Two Belarus officials involved in attempt to send sprinter Krystsina Tsimanouskaya home removed from Olympics.
The International Olympic Committee (IOC) has stripped two Belarus coaches of accreditation over their role in Krystsina Tsimanouskaya’s removal from the Tokyo Games.
Athletics head coach Yury Maisevich and team official Artur Shimak have left the Olympic Village after being asked to do so, the IOC said on Friday.
“In the interest of the wellbeing of the athletes of the National Olympic Committee of Belarus (NOC) who are still in Tokyo, and as a provisional measure, the IOC cancelled and removed last night the accreditations of the two coaches,” the body said in a statement posted on Twitter.
“They will be offered an opportunity to be heard.”
The IOC’s move came five days after Tsimanouskaya, a 24-year-old sprinter, refused to board a plane bound for Belarus, claiming she feared for her safety in her homeland.
She says she was hustled to Tokyo’s Haneda airport as part of her team’s bid to force her on the flight home.
— IOC MEDIA (@iocmedia) August 5, 2021
Maisevich and Shimak would return to Minsk immediately, the NOC said, adding that the pair could appeal the decision and hoped to continue a dialogue with the IOC.
The committee has previously said coaches withdrew Tsimanouskaya from the games on doctors’ advice about her emotional and psychological state – a claim she dismisses.
The drama first unfolded on Sunday, when Tsimanouskaya refused to board the Minsk-bound plane, and instead sought protection from Japanese police.
The scandal has again focused attention on political discord in Belarus.
Tsimanouskaya on Wednesday flew to Poland, where she and her husband have been granted humanitarian visas.
IOC president Thomas Bach on Friday called the situation “deplorable”.
“We are happy Krystsina Tsimanouskaya is safe in Poland,” he told reporters in Tokyo.
Describing her ordeal, Tsimanouskaya said she defected on her grandmother’s advice.
“Grandmother called me when they were already driving me to the airport,” Tsimanouskaya said on Thursday, as she arrived in Poland. “I had some 10 seconds. She called me, all that she told me was, ‘Please do not come back to Belarus, it’s not safe.’”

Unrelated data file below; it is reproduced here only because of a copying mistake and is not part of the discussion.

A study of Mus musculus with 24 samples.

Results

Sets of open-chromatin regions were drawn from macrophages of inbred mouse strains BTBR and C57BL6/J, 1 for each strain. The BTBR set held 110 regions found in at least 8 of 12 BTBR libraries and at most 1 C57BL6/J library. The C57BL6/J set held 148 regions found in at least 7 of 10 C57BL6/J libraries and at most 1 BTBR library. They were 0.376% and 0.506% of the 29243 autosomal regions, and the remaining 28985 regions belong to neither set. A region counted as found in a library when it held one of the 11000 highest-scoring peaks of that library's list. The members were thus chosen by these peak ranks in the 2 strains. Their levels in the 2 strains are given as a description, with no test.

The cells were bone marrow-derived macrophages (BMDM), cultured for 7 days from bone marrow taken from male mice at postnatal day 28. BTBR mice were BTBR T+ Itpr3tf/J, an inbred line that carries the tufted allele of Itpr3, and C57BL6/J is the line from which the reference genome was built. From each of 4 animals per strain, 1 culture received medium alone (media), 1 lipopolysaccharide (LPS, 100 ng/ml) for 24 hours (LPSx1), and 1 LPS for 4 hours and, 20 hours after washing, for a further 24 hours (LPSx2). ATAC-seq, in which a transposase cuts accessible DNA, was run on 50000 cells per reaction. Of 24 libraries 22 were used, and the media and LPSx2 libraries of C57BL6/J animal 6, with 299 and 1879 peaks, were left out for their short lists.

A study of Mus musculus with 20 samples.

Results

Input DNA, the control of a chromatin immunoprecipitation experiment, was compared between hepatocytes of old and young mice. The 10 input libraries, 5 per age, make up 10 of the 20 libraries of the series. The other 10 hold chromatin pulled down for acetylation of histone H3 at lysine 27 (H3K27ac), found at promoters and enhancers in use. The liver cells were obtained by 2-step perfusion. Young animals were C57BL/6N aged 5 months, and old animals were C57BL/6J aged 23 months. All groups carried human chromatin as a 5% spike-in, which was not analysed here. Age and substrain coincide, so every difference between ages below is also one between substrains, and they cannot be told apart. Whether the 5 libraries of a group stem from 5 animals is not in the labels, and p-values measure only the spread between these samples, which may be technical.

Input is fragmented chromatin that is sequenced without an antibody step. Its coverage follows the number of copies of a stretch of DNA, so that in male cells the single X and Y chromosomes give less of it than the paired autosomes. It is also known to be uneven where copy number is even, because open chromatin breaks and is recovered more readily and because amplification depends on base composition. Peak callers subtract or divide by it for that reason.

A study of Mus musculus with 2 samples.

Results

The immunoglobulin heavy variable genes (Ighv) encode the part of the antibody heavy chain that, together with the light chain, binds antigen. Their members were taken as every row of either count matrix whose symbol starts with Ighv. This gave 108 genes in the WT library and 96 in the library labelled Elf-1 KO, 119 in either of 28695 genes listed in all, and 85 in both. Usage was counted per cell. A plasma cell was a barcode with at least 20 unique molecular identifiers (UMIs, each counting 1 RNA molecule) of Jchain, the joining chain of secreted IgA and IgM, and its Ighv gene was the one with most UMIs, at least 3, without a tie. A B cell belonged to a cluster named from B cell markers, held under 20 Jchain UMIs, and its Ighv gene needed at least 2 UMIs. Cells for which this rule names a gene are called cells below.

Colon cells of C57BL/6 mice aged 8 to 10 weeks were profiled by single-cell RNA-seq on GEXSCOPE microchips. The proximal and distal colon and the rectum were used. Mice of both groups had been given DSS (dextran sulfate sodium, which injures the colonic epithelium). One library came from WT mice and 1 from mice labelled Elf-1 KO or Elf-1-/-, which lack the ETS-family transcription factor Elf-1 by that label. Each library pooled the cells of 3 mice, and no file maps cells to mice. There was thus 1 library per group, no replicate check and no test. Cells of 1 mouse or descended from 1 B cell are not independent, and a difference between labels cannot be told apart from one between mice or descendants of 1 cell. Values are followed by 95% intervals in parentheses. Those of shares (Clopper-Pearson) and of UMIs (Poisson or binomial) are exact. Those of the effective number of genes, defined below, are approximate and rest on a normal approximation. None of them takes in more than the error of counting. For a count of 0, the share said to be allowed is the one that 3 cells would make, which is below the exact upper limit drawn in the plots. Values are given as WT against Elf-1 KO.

She believes the decision to remove her from the games came from “high up”.
“I hope that the International Olympic Committee will make the right decision and will defend the athlete and defend me,” said Tsimanouskaya, who is expected to testify in a disciplinary commission taking place on Friday.
She said her teammates had not been in touch following Sunday’s standoff, most likely because they feared repercussions.
“They are afraid,” she said. “If they say something to support me it can end badly for them.”
Al Jazeera’s Andy Richardson, reporting from Tokyo, said the case has highlighted the challenges surrounding sporting figures and events under longtime President Alexander Lukashenko.
“There have been long-term concerns about the level of government intervention in, for example, the Olympic committee there and about the discrimination of athletes who have criticised Lukashenko,” he said, adding questions were mounting over whether enough was done to “guarantee the welfare” of Belarusian athletes in Tokyo.
Lukashenko is currently under Western sanctions for leading a sweeping crackdown on opponents since last year following a disputed election.
An avid ice hockey player, the 66-year-old leader is keen to boost the country’s image by hosting international sporting events, including the 2019 European Games. He headed the NOC until he was replaced by his son, Viktor, in March.
But Belarus was stripped of its hosting rights for the men’s Ice Hockey world championships earlier this year over the forceful repression of anti-government demonstrations and lax measures to contain the COVID-19 pandemic.
The IOC banned Lukashenko and his son from attending the Tokyo Games and has refused to recognise the election of Viktor as the NOC’s president.